Update: Success! A week after this post, the Borough fixed the Near-real Time site. No explanation why it took years. Thank you to all who pressed the Borough to correct this problem.
UNHEALTHY in Fairbanks and North Pole again today.
Fairbanks North Star Borough advises it is UNHEALTHY but has only voluntary recommendations.
EPA says local air pollution is highest in the nation today. 155 AQI converts to PM2.5 of 62.3 µg/m3. EPA AQI to Concentration Calculator.
But, oops! The State forgot to issue an Air Quality Advisory until noon.
Eventually, an Air Quality Advisory was declared as UNHEALTHY for Fairbanks and North Pole AQA #2015-09. However, it failed to mention the State’s new opacity rule — at 24-hour concentrations over 30 µg/m3, State regulations prohibit smoke opacity greater than 20% for any wood heating appliance in the FNSB nonattainment area. Submitted to EPA: Final SIP, 12/24/2014, III.D.5.7-8, III.D.5.11-6. The State told EPA but why don’t they tell local burners about the new opacity rules?
Borough “Near-real Time” hourly warnings show yellow for MODERATE when hourly PM2.5 was 68.
Then, as current air conditions worsened, “Near-real Time” became orange for UNHEALTHY FOR SENSITIVE GROUPS when hourly PM2.5 was 83.
The “Near-real Time” site confuses the public by failing to provide current hourly PM2.5 information based on 24-hour exposure at that level. Table: EPA Air Quality Index for 24-hour PM2.5. The FNSB hourly site has underreported health danger since its inception.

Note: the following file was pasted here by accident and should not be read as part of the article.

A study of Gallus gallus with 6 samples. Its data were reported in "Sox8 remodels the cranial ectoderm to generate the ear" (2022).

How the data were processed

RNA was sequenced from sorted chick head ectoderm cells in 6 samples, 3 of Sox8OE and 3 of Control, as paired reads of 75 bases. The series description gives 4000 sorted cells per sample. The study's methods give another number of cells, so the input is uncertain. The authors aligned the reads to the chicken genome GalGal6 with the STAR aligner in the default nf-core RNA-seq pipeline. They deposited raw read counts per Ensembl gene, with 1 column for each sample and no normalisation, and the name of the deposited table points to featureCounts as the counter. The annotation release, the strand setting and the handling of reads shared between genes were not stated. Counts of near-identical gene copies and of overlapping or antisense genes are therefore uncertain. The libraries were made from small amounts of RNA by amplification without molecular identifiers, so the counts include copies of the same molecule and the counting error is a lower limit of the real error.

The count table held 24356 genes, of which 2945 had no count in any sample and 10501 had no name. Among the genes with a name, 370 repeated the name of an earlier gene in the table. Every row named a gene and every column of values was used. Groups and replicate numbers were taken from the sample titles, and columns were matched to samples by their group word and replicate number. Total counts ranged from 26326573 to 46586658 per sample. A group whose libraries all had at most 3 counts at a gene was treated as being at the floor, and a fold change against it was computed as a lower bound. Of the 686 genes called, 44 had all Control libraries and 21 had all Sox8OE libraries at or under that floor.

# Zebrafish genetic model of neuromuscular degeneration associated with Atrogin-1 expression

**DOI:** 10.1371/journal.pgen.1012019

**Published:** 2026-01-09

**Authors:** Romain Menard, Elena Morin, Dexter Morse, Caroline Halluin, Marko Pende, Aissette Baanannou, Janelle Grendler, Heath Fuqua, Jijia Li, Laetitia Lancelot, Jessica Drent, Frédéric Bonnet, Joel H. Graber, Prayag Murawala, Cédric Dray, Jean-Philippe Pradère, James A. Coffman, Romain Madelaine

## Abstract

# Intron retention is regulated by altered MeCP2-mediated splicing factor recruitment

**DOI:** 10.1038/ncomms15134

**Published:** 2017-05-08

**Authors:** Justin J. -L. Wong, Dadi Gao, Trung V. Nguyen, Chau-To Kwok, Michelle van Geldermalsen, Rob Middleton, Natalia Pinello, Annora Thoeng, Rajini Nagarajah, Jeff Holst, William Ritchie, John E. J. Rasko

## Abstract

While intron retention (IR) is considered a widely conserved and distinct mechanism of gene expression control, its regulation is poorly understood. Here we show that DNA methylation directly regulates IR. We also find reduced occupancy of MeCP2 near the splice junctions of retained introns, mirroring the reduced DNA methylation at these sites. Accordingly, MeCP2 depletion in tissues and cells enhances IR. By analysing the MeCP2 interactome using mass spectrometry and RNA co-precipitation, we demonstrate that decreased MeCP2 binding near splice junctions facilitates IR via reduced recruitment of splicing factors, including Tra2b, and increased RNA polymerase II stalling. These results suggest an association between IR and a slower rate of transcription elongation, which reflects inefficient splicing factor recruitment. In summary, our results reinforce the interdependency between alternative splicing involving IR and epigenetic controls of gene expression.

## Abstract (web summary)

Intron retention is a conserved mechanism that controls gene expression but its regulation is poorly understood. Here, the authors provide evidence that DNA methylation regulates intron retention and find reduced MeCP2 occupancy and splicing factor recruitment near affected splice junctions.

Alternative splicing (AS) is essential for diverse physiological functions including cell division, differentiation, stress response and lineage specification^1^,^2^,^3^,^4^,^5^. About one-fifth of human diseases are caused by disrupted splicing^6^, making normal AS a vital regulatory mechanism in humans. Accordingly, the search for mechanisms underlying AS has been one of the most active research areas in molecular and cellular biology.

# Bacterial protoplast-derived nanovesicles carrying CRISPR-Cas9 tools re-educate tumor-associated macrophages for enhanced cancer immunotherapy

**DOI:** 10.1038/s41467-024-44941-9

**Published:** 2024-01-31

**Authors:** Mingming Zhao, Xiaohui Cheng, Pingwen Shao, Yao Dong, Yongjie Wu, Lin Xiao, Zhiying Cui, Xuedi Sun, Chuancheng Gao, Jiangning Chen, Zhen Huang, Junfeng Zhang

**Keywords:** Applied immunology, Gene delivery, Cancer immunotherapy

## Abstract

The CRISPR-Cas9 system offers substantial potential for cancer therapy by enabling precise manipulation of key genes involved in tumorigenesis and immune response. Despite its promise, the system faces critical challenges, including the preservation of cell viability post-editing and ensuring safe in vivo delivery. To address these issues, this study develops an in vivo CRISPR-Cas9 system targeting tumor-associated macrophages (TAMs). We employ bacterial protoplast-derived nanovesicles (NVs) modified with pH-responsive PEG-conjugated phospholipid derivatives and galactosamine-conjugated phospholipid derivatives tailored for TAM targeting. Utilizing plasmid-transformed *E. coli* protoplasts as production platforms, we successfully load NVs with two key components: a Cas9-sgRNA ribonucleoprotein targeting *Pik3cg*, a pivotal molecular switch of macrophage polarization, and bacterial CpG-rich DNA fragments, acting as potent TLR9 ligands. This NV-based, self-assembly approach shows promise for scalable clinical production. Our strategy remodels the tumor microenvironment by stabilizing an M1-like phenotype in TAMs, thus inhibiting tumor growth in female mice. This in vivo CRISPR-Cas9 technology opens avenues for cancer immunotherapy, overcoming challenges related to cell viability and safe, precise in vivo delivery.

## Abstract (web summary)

When will FNSB listen to Dermot?
The borough reporting system does not follow the national pattern. But it should.
The borough includes this disclaimer, “When calculating Air Quality Index Level on Near-Real-Time Data, the average PM2.5 for a one hour time frame is used. Since the EPA doesn’t have index levels for the average one hour time frame, the levels indicated on this web page are calculated as if the one hour average PM2.5 were the peak value in an average 24 hour period with normally distributed emissions.”
The problem is that the hourly reports are not necessarily the daily peak levels.
While it is true that EPA does not have a one-hour standard, it is also true that cities across the country are reporting the one-hour figures and making a statement about air quality and health based on 24-hour exposure at that level.
I have asked borough officials and state officials to address this problem and adopt the reporting system that is in use in the rest of the nation.” Dermot Cole, FDNM 12/1/2012.